April 22 02:46 AM

Roots of romance in our beet fields

Pile em high...our beets get loaded onto Jay Parrs truck last Saturday. photo by Maria Brown.

September 15, 2010
Although we've been growing sugar beets for the last five years, it's still so least to me.

Maybe because it's so different than all the other crops we grow. A world of tons (not bushels) tare dirt, Ferris wheels, toppers and lots of team work.

It's brash and bold compared to corn and beans. I can still recall the sensory overload that first fall I rode along in a beet hauling truck.

It's 11 at night, the field is greasy and the semi is being dragged through the dirt by a Steiger with a rope that's thicker than me. Lights from the tractor pulling the harvester are bright. Multiple engines are roaring while football-sized beets tumble into the trailer, the sound rivaling any hailstorm I've known. On top of it all, the radio is constantly squawking as all three drivers try to maneuver in the dark. Every now and then, you spot another tractor, pulling the topper, a few rows over.

Now, not all digging days are like that, but after that kind of excitement, watching a combine gobble up beans is rather dull.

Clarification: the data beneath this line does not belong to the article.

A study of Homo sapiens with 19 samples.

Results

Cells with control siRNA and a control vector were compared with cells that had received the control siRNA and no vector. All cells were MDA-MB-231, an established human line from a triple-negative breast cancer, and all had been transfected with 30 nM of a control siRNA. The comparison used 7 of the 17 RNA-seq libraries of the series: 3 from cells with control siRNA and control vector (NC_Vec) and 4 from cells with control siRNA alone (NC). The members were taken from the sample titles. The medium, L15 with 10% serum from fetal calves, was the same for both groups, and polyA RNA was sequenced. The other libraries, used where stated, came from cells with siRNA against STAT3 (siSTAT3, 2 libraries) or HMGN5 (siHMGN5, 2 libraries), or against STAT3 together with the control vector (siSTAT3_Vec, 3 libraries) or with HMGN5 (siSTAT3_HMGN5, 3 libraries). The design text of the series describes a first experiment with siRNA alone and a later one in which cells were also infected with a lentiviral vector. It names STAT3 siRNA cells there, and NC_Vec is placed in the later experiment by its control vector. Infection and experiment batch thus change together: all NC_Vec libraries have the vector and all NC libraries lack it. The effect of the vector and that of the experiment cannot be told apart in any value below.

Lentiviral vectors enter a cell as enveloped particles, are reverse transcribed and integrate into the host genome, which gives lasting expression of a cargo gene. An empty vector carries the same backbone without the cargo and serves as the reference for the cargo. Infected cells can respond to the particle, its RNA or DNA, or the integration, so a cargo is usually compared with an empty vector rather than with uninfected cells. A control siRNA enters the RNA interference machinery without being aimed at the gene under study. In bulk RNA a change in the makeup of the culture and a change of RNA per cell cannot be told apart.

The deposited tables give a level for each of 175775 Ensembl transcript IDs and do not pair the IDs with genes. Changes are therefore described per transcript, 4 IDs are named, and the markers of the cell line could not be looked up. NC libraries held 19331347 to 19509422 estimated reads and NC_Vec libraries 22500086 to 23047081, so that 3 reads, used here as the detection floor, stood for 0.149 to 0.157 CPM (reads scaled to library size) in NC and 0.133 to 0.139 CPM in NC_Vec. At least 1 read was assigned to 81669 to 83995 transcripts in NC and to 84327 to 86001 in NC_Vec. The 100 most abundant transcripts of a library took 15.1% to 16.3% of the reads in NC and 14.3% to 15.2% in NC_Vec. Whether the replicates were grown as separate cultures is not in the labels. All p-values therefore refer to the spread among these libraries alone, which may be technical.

Beside those extraordinary conditions, harvesting beets is quite a social activity. Most growers work in groups, with one harvester between them and everyone provides a truck or two. Once one farm is harvested, the whole team moves onto the next field. Considering most field work is pretty solitary, it's a nice change of pace.

Last year, the June rains drowned out our 38 acres on the muck. This season, it was

an early and healthy crop from the same field. Last week, we harvested it with hardly a hitch. The 'team' has since moved on to Brown City where they're making good progress at the Shoemaker and Parr farms.

Maybe the allure I find in beets has more 'romantic' roots. My engagement ring was bought with a beet hauling check almost seven years ago. Yes, it certainly is a 'sweet' ring!

Even off the field, sugarbeets are good for some drama. A federal judge just instituted a planting ban on all Round-Up Ready beet seed until

the government completes additional environmental studies. Considering 95 percent of this year's crop was planted with biotech seed, seed shortages come spring will be just one of many problems we'll be dealing with next year. The food industry will be greatly impacted too. Growing beets, like a lot of other crops and business ventures, is challenging yet there's something about the struggle that can be extremely satisfying. I wish I could describe it with more clarity...but until then, here's hoping we can do it all over again this spring.

Maria Brown joined the Tri-City Times staff in 2003, the same year she earned a bachelor's degree in English from Calvin College. Born and raised in Imlay City, she now resides north of Capac where she enjoys working on the farm, gardening and reading.